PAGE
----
Coated Urea, Thiourea, Urea-Formaldehyde, Hexamine, Oxamide, Glycoluril, and Oxidized Nitrogen-Enriched Coal as Slowly Available Sources of Nitrogen for Orchardgrass1


This article in AJ

  1. Vol. 59 No. 2, p. 127-133
    Received: Dec 28, 1965

  2. W. A. Hubbard and
  3. R. C. Speer2



Yields, N uptake, and apparent recovery of applied N were determined for seven harvests of orchardgrass in the growth chamber following one surface application of several sources of N applied at rates of 56, 112, 225, and 450 mg of N per pot. Apparent recovery of N from the various sources decreased in the following order: coated (dicyclopentadiene copolymer) urea (75%) = ammonium nitrate (74%) > thiourea (690/0) > oxamide-fine (65%) = oxamide −8 +14 (65%) > urea plus thiourea (63%) > hexamine (59%) > glycoluril (49%) > urea formaldehyde (41%) > ammonium salt of oxidized nitrogenenriched coal (39%).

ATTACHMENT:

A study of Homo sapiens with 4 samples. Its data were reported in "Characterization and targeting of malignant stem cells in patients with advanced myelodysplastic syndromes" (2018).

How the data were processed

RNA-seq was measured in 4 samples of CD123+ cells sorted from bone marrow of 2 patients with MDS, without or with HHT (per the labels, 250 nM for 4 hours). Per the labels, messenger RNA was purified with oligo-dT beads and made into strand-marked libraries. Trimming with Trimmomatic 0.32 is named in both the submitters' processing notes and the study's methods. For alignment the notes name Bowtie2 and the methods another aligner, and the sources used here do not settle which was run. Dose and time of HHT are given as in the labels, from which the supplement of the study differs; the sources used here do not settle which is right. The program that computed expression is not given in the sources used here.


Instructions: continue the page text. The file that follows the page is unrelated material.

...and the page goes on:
Yield and N uptake in the first harvest were greatest with ammoniumn itrate, urea, urea plus thiourea, and finely divided oxamide. Glycoluril and coated urea produced the highest yields and N uptake in the second and third harvests. In the later stages of cropping, yields and N uptake from the urea-formaldehyde and thiourea treatments increased and, in the final four harvests, the results obtained with these two sources were among the highest.

Thiourea depressed yield of orchardgrass when applied at the 450 mg of N rate. However, the yield of this treatment was still much greater than that of the control.